The Emmy Award-winning series "Mad Men" showcased the pressures of the New York advertising world in the 1960s. But bestselling author and longtime New Yorker columnist Ken Auletta says the industry is no longer operating in the style of Don Draper.
Auletta joined "CBS This Morning" to discuss his new book, "Frenemies: The Epic Disruption of the Ad Business (and Everything Else)," as well as the new world of advertising and what would happen if the trillion-dollar industry dried up.
"If you're an agency, suddenly, people who were your friends – Google and Facebook – are competing and going directly to clients," Auletta said, explaining what he means by "frenemies." "The New York Times, BuzzFeed, etc. who you put your ads on are suddenly saying, 'Hey, we can be ad agencies, too,' going directly to the clients."
But according to Auletta, the biggest frenemy of the ad world is in fact the public. People don't want to be interrupted by ads, particularly on their mobile devices.
"Then the advertiser comes back and says, 'We're going to give you ads as information because we'll know so much about you. Isn't this great?' And then the public says, 'Hey, wait a minute. How do you know so much about me?'" Auletta explained.
Most troubling though, is what might happen if the global advertising and marketing industry, which Auletta estimates is worth up to $2 trillion, were to disappear.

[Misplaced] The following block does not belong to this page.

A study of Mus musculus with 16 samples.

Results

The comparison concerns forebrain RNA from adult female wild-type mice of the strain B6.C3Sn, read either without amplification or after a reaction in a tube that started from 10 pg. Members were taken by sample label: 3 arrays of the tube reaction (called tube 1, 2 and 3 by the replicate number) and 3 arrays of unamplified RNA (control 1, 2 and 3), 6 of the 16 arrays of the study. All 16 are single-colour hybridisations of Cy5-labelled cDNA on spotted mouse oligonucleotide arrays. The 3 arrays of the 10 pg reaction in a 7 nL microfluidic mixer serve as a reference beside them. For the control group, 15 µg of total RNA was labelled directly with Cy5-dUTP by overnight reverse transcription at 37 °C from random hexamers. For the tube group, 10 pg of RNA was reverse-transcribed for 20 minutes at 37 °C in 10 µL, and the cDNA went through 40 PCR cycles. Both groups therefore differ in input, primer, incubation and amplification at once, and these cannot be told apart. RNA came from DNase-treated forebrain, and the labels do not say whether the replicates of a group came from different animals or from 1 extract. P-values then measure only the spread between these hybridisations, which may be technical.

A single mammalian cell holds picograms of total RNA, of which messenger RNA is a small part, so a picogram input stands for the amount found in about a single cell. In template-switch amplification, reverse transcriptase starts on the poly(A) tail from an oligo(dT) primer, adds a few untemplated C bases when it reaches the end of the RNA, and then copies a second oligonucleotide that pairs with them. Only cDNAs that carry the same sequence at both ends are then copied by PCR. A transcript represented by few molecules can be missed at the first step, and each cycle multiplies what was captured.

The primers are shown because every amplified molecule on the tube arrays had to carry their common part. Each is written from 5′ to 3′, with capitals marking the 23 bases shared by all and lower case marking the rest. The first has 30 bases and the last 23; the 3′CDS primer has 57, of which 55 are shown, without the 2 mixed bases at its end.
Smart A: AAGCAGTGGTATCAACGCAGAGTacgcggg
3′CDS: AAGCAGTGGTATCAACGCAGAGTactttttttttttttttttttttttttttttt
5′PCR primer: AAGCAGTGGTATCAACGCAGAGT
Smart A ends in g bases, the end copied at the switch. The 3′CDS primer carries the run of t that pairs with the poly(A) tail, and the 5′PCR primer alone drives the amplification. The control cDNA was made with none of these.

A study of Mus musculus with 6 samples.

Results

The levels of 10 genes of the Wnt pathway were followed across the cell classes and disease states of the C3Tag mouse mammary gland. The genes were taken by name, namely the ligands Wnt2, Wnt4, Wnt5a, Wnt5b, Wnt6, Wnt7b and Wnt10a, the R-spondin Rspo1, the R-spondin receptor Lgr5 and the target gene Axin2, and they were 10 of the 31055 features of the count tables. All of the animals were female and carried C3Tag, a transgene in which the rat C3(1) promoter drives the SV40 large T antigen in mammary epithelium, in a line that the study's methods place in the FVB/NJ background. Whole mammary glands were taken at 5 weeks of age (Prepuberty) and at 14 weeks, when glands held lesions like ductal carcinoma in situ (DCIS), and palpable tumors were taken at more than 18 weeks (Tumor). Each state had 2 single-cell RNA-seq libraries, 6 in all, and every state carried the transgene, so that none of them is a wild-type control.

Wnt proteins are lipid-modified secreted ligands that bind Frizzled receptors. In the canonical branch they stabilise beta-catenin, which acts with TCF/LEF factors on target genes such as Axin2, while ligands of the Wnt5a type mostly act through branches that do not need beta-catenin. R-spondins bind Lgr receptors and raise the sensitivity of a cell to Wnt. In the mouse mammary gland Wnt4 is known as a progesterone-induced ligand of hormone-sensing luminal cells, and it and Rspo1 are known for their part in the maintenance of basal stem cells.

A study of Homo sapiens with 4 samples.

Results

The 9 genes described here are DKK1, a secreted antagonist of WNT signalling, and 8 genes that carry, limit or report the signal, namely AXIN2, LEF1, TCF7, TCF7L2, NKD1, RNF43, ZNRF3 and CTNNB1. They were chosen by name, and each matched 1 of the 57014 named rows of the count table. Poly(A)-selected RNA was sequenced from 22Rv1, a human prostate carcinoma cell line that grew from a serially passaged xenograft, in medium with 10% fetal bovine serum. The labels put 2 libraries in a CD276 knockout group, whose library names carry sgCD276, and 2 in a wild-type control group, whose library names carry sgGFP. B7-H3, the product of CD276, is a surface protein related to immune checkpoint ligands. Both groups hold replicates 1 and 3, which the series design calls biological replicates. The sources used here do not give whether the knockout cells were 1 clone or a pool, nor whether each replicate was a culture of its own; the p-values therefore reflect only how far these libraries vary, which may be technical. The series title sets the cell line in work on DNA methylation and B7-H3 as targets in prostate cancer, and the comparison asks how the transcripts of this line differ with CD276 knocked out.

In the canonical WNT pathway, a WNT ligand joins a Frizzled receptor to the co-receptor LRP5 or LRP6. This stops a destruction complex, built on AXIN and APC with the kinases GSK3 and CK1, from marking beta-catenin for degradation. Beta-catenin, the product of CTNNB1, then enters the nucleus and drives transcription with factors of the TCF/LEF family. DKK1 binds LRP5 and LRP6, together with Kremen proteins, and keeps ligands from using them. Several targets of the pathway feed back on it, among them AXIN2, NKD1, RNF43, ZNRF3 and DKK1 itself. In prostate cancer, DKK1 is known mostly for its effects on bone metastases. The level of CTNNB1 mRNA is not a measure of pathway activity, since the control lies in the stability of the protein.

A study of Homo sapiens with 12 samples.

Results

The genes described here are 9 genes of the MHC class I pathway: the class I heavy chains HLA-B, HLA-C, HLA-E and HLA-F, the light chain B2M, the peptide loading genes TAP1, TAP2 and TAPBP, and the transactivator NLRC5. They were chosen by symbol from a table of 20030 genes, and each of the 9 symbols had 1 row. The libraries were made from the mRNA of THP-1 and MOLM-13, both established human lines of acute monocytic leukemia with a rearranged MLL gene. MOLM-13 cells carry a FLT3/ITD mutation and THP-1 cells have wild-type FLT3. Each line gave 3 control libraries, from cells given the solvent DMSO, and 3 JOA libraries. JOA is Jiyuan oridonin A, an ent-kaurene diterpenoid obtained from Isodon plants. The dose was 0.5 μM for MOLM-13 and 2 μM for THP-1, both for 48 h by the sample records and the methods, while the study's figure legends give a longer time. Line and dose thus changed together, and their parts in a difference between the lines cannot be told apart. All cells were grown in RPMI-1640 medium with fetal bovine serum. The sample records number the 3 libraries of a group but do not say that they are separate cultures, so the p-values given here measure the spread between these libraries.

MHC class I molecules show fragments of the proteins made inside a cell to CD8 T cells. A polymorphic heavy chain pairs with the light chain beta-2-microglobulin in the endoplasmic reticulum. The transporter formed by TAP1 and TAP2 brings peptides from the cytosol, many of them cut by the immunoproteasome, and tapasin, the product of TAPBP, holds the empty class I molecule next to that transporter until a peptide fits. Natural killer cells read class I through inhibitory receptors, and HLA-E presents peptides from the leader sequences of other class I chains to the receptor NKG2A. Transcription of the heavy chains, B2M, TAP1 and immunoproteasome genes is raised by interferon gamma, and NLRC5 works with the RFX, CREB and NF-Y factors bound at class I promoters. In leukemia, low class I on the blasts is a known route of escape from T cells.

"It supports all media. Ninety-seven percent of Facebook's revenues come from advertising. Almost 90 percent of Google's come from that. Newspapers, magazines, much of television, apps all depend on advertising. So if that money dries up, the consequences are profound," he said.
Some companies have turned to subscription-based models – going directly to the consumer for revenue. But Auletta argues that the average American, who already pays around $250 in subscriptions per month, can't afford to take on any more.
"The one thing that Donald Trump and Hillary Clinton agreed on the campaign is that the working class and the middle class, their income was frozen for the last 10 years. How do they afford more subscriptions? It's a wonderful idea but it's a pipe dream."
The most profound change is how the ad industry has shifted from one that favors those with 'people skills,' to those with technical skills like engineers and data scientists.
"It's gone from 'Mad Men' to math men," he said.
"Frenemies: The Epic Disruption of the Ad Business (and Everything Else)" goes on sale Tuesday.